Document:Draft agenda for the conference Tackling Tools of Malign Influence
Independent, public interest journalism and the journalists who deliver it are under siege. The challenges are manifold: from fake news and misinformation campaigns to state-sponsored harassment and intimidation and violence; from commercial pressures and lack of resources to a relentless social and digital media environment. Across Europe and the Mediterranean, the threat to independent journalism is spreading, with mass detentions in Turkey, a murder in Malta and revelations on how fake news targeted voters in the UK’s Brexit referendum all underlining the need for vigilance. So how can journalists hold power to account in the face of these challenges? How can honest, fair and independent journalism be nurtured and sustained? Over the course of two days at the Frontline Club, the conference will take a detailed look at the various threats to public interest journalism and what can be done to resist them. It will bring together experienced journalists from the region who have survived kidnapping, death threats, harassment or arrest, with young journalists from countries where reporting freedoms are under threat. They will be joined by renowned foreign correspondents and investigative journalists from the UK for a frank and intimate discussion about their experiences and the coping methods necessary to survive and continue doing their jobs. Our aim is that these conversations will guide future practical support services to furnish journalists working in difficult environments with the means to develop and sustain their ability to report on public interest issues without fear or favour
Draft agenda for the conference. November 1, 2018
14.20-15.30 Discussion + Q&A: The Fake News Challenge to Independent Journalism Misinformation has been deployed as an instrument of conflict in Ukraine, to undermine elections and referendums in the United States and United Kingdom, and more widely as a tool to erode trust in established professional media organisations. How has the Russian state used fake news as an aggressor state; what are its methods, are they changing, what are its goals?
Ukrainian speaker from StopFake or Detektor on how Russian misinformation was weaponised as an instrument of war in the country’s civil conflict Natalia Antaleva, former BBC correspondent and founder of CodaStory. Based in Tblisi, she is expert in fake news and state repression of independent media across Ukraine and the CIS countries.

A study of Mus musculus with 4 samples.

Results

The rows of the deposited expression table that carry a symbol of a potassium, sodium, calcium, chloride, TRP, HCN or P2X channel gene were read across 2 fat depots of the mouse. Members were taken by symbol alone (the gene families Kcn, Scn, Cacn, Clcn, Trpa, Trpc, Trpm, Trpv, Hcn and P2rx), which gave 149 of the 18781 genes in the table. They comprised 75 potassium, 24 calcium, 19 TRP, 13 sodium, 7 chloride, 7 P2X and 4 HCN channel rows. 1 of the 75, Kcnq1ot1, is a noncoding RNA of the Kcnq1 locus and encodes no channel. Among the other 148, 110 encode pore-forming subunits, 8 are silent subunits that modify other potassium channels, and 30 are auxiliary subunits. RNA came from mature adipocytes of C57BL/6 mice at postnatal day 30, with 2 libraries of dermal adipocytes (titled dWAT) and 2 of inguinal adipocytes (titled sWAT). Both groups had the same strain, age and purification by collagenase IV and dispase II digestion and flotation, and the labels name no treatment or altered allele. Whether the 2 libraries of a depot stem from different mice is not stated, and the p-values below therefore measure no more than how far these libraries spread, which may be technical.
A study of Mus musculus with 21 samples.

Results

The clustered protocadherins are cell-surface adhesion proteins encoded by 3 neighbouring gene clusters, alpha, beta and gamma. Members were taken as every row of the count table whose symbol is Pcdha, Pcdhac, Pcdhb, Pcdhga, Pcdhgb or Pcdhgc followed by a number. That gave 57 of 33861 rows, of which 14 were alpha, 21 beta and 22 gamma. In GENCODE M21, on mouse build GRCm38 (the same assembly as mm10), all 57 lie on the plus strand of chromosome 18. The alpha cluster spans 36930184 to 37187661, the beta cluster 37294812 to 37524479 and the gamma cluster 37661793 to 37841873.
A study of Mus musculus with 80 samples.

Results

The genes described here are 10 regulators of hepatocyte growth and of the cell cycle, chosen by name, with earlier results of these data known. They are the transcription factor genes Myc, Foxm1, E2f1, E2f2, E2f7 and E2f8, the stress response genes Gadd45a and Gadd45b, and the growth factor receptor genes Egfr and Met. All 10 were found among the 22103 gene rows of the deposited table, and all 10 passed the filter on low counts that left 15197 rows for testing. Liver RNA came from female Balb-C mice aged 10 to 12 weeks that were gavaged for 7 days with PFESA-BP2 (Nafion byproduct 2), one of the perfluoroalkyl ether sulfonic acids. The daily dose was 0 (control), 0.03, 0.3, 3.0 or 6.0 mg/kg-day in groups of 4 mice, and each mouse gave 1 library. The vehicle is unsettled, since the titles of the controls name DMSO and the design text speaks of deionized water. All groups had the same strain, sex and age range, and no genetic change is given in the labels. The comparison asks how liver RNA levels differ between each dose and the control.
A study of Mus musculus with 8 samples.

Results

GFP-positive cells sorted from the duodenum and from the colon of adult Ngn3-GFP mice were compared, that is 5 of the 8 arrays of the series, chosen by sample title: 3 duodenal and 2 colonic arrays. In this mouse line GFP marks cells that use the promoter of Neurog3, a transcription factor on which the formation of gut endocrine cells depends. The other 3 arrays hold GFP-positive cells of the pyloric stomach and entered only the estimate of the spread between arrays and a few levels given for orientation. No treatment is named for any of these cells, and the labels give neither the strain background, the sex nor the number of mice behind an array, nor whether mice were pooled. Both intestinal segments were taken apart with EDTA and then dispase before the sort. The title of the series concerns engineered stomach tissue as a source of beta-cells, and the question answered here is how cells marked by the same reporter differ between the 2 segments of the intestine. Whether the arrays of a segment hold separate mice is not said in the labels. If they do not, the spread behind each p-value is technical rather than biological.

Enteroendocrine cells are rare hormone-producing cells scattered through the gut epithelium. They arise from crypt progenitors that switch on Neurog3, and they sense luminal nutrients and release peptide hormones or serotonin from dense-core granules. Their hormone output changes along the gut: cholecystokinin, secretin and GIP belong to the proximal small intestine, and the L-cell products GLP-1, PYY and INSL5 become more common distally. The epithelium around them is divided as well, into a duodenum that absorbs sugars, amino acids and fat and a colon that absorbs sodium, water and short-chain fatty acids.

Carole Cadwalladr, Observer journalist who has broken several exclusive stories on how Facebook allowed Cambridge Analytica to steal private data and the Vote Leave campaign to disseminate misinformation to skew the Brexit referendum
Breakout sessions: Dealing with the Fake News Challenge Ben Nimmo, Atlantic Council and Institute of Statecraft analyst on disinformation, on How to Spot a Bot – identifying fake accounts and the misinformation they spread.
Natalia Antaleva: Independent Journalism is the Antidote to Misinformation – but you need to stay with the story StopFake on how Ukraine has worked to check misinformation, successes and failures.
17.05-18.15 Discussion + Q&A: Harassment, Intimidation and Murder: The War on Truth
How political and security establishments use legal and extra-judicial means to suppress information and bully journalists to toe the line.
Laurent Richard of Forbidden Stories, or Relative/Colleague of Daphne Caruana Galizia, the Maltese journalist killed last year over her investigations into money laundering and corruption in the country
Tunca Ogreten, Turkish journalist who was locked up for 11 months for reports on Erdogan’s son-in-law and minister Berat Albayrak, or Murat Sabuncu, Cumhurriyet editor, jailed for a year for ‘terror’ related charges of reporting on activities of PKK and Gulen.
Frederica Jansz – former editor of Sri Lanka’s Sunday Leader. Dismissed in 2012 by a new, government-friendly owner, and forced to flee the country under US protection amid death threats. She will join by video-link from her home in Seattle.
Moderator: Damien McElroy, Foreign Desk director, war correspondent
18.30-19.15 Networking drinks and journalist briefing
November 2, 2018
9-10.10 (UK journalism students join) Discussion + Q&A: Compromising the Owner/Editor – Influence in the Media
Luba Rizova, former news director of BTV in Bulgaria, the country’s most successful private channel, explains how constant political pressure and threats from politicians and oligarchs is causing journalists to quit or practice self-censorship.
Dimitris Xenakis, managing editor of Inside Story, one of two independent investigative websites in Greece, explains how Greek journalists have lost their ability to pursue a story amid political and financial pressure.
10.20-11.40 Breakout session: Digital Safety – Protecting your data or story from prying eyes
Ingrid Brodnig, Austrian journalist turned expert on digital harassment and algorithms. + Breakout session: How to beat the trap and face down the system when pressure mounts Taha Siddiqui – renowned Pakistani journalist who escaped from an attempted kidnapping earlier this year and now lives in exile in Paris. Stop Fake on how they have fought back against misinformation and censorship in Ukraine
11.50-13.00 Investigative masterclass
How to build an investigation, develop trust with sources, obtain documentary support, maintain balance in your reporting, keep the momentum going over an extended period.
Moderator: Dean Nelson
13.00-13.45 Closing remarks: resistance and resilience
Amid the unprecedented challenges of misinformation and rising violence and intimidation, let’s remind ourselves why journalists keep going, and they need to keep going.